Meekness and docility to outsiders are obstacles to royal authority
This is because meekness and docility break the vigor and strength of group-feeling.
The meekness and docility of the people shows that their group feeling is lost. They do not become fond of meekness until they are 1,256 too weak to defend themselves.
Those who are too weak to defend themselves are all the more weak when it comes to withstanding their enemies and pressing their claims.
The Israelites are a good example.
- Moses urged them to go and become rulers of Syria, telling them that God had made this their destiny.
- But the Israelites were too weak for that.
Moses urged them on. But they persisted and became rebellious and said:
They had become used to being too weak to offer opposition and to press claims. This was the result of the quality of docility and the longing to be subservient to the Egyptians, which the Israelites had acquired through many long years. This led eventually to the complete loss of their group feeling.
In addition, they did not really believe Moses that:
- Syria would be theirs
- the Amalekites who were in Jericho would fall prey to them, by virtue of the divine decree that God had made in favor of the Israelites.
They were unable to do (what they were asked to do and felt too weak to do it.
They suspected the story their prophet told them and the command he gave them. For that, God punished them by obliging them to remain in the desert. They stayed in the desert between Syria and Egypt for forty years. They had no contact with civilization nor did they settle in any city, 109 as it is told in the Qur’an. 110
This was because of the harshness the Amalekites in Syria and the Copts in Egypt had practiced against them.
Thus, they thought themselves too weak to oppose them. From the context and meaning of the verse, it is evident that (the verse) intends to refer to the implication of such a sojourn in the desert, namely, the disappearance of the generation whose character had been formed and whose group feeling had been destroyed by the humiliation, oppression, and force from which it had (just) escaped, and the eventual appearance in the desert of another powerful generation that knew neither laws nor oppression and did not have the stigma of meekness.
Thus, a new group feeling could grow up (in the new generation), and that (new group feeling) enabled them to press their claims and to achieve superiority.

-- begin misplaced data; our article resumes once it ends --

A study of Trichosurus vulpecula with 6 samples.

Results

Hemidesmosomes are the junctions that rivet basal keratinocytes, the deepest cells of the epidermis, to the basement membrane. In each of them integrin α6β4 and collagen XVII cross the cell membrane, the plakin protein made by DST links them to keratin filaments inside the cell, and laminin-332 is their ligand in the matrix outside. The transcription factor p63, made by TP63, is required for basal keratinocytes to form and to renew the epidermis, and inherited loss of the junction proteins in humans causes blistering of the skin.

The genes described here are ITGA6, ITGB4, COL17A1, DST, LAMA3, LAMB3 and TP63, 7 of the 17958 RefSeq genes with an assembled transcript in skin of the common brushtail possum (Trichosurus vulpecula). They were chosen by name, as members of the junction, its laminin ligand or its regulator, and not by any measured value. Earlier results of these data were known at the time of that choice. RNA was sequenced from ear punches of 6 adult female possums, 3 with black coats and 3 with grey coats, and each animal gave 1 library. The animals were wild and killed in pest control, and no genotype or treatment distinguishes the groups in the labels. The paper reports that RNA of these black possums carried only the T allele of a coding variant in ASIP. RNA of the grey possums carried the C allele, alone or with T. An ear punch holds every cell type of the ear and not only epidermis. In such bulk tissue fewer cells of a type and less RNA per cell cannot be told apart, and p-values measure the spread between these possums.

This makes it evident that forty years is the shortest period in which one generation can disappear and a new generation can arise. Praised be the Wise, the Knowing One. This shows most clearly what group feeling means. Group feeling producesthe ability to defend oneself, to offer opposition, to protect oneself, and to press one’s claims. Whoever loses (his group feeling) is too weak to do any of these things.
The subject of imposts and taxes belongs in this discussion of the things that force meekness upon a tribe.
A tribe paying imposts did not do that until it became resigned to meek submission with respect to (paying them). Imposts and taxes are a sign of oppression and meekness which proud souls do not tolerate, unless they consider the payment of imposts and taxes) easier than being killed and destroyed.
In such a case, the group feeling (of a tribe) is too weak for its own defense and protection. People whose group feeling cannot defend them against oppression certainly cannot offer any opposition or press any claims. They have submitted to humble (meekness), and, as we have mentioned before, meekness is an obstacle.
An illustration of this fact is Muhammad’s statement in the Sahih, 111 on the subject of plowing.
When he saw a plowshare in one of the houses of the Ansar (in Medina), he said= “Such a thing never entered anyone’s house save accompanied by humbleness.”
This is sound proof for the contention that payment of tax makes humbleness necessary.
In addition, the humbleness that is the result of paying imposts is accompanied by character qualities of cunning and deceit, because force rules (under such circumstances).
According to the Sahih,  the Prophet Mohammad used to decry the payment of taxes. He said:
When one sees a tribe humiliated by the payment of imposts, one cannot hope that it will ever achieve royal authority.
It is very wrong to assume that the Zanatah in the Maghrib were sheep-breeding Bedouins who paid imposts to the various rulers of their time.
If ths were true, then the Zanatah would never have achieved royal authority and established a dynasty.
In this connection, one may compare the words of Shahrbaraz, the ruler of Derbend. Abd-ar-Rahman b. Rabi’ah came to him. Shahrbaraz asked him for his protection with the (promise) that he would belong to him:
You are welcome. The poll tax we shall pay to you will consist in our helping you and doing what you will.
But do not humiliate us by imposing the poll tax. Otherwise, you would weaken us to the point of becoming the prey of your enemies."